Animal welfare was taking a back seat as politics took over in the controversy over Australian live sheep exports to the Middle East.
After initially agreeing to await a government-ordered report on the trade after 2 400 sheep died during an ocean voyage, the opposition Labour Party announced that if it won in a future election, it would ban the live sheep trade worth around A$249 million (R2,36 billion) a year.
Labour agriculture spokesperson, Joel Fitzgibbon, said: “We see no future for the live sheep export trade. I accept that it will take a number of years but it can’t be a decade. If we want sheep meat producers to have sustainable profitability, we need to start working on that transition now.”
The Labour Party had previously said that it only wanted a suspension of live sheep exports during the hot Northern Hemisphere summer.
Meanwhile, minister of agriculture, David Littleproud, said that a review into the Middle Eastern summer sheep trade was due in two weeks.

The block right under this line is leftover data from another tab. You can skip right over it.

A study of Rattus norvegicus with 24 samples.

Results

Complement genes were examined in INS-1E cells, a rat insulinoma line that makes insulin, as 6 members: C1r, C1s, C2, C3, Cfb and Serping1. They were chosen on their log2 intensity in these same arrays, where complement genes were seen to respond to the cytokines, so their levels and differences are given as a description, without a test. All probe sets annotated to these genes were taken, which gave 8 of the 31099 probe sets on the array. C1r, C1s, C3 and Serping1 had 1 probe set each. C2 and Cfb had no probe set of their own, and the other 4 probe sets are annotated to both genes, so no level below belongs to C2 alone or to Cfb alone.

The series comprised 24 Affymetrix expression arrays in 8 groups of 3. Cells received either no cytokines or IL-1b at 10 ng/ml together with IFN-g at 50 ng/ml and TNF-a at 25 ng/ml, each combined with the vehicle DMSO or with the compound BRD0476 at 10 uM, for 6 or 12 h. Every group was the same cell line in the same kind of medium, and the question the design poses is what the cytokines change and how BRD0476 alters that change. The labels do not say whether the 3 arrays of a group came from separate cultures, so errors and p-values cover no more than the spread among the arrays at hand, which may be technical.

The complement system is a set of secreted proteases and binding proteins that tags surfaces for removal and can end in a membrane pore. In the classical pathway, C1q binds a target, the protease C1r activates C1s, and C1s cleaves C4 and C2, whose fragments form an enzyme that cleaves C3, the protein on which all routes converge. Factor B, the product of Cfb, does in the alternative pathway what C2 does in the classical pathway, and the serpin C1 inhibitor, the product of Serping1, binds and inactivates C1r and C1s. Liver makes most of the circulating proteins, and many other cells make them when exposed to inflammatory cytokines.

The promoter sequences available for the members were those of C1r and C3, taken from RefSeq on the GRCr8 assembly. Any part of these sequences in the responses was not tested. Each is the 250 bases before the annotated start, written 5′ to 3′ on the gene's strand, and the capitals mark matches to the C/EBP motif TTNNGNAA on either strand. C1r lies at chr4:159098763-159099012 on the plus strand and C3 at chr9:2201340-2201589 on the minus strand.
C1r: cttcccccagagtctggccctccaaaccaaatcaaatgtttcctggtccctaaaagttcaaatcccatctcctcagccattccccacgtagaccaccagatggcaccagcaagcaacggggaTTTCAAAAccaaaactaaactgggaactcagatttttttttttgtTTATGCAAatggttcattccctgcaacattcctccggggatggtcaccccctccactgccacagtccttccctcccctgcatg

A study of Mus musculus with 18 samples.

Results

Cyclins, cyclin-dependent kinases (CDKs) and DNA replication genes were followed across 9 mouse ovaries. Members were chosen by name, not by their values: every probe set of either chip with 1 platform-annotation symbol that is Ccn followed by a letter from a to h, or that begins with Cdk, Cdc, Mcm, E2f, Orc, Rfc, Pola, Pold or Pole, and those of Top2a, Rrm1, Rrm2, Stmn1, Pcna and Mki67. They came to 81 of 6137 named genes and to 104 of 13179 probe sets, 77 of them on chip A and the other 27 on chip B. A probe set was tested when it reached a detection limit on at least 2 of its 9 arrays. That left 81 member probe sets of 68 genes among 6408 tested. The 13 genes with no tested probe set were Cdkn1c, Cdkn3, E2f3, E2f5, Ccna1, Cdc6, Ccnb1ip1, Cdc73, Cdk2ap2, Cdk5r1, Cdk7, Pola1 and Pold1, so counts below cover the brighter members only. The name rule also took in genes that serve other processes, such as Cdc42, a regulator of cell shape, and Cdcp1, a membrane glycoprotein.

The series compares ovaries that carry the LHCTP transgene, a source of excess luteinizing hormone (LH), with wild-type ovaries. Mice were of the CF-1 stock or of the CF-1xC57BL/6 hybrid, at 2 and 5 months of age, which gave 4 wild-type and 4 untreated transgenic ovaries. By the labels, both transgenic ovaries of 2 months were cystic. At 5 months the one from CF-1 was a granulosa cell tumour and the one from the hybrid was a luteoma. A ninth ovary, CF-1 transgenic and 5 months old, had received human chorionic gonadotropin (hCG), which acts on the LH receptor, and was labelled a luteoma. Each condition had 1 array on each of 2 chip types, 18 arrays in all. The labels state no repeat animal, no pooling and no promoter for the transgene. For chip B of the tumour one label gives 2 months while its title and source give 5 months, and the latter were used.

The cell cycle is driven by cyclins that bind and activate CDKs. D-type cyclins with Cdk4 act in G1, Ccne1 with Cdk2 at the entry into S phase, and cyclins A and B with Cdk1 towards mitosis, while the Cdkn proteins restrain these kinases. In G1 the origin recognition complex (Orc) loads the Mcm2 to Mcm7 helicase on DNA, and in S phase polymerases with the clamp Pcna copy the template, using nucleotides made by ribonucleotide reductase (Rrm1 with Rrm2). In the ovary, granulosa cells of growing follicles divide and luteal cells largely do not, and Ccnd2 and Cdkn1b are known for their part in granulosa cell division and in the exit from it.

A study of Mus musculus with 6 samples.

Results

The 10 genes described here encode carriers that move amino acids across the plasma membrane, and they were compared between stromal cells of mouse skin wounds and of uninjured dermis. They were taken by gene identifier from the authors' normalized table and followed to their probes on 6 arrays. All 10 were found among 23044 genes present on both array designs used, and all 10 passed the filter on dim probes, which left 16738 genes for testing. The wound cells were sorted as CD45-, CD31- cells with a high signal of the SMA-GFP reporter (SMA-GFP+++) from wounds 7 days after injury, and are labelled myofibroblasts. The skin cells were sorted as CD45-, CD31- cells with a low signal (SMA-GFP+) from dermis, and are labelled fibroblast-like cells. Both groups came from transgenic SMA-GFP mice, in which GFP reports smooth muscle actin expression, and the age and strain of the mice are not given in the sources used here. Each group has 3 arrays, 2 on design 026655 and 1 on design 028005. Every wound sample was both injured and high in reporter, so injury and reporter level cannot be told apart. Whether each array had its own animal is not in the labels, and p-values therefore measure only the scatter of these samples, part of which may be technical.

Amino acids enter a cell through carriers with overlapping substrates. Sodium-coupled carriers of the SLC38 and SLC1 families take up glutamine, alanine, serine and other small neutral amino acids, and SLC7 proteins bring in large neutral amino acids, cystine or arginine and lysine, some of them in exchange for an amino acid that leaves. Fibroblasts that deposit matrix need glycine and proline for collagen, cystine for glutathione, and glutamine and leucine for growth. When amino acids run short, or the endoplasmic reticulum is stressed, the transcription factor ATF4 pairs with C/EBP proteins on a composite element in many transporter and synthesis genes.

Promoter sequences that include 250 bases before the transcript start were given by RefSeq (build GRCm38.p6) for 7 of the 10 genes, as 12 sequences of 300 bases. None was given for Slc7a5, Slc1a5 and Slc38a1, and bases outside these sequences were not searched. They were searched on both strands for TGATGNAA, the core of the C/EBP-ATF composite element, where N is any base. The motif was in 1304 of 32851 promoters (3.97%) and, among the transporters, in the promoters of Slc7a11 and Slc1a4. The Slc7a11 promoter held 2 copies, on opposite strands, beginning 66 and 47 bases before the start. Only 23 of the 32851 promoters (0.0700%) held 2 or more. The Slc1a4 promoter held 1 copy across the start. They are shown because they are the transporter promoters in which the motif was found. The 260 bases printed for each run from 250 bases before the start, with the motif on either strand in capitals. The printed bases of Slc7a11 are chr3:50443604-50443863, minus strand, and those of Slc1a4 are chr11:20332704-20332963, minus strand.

“Labour has rushed to a knee-jerk ban, punishing farmers who have done no wrong,” he said in a statement. “Those farmers and businesses still traumatised by Labour’s snap ban on live exports in 2011 must be tearing their hair out.”
The Cattle Council of Australia called the Labour move reckless and ill-informed.
“Time and time again we see producers thrown under the bus by the negligence of others and this has to stop,” said council president, Howard Smith, in a statement.
An independent poll commissioned by the SPCA in Australia found 70% of Australians in rural areas and country towns wanted to end live exports.
The Australian Meat Industry Employees’ Association proposed replacing the live sheep trade with meat exports processed by its members, saying it would be more humane.
Australia exported almost two million live sheep last year, with Western Australia supplying 85% thereof.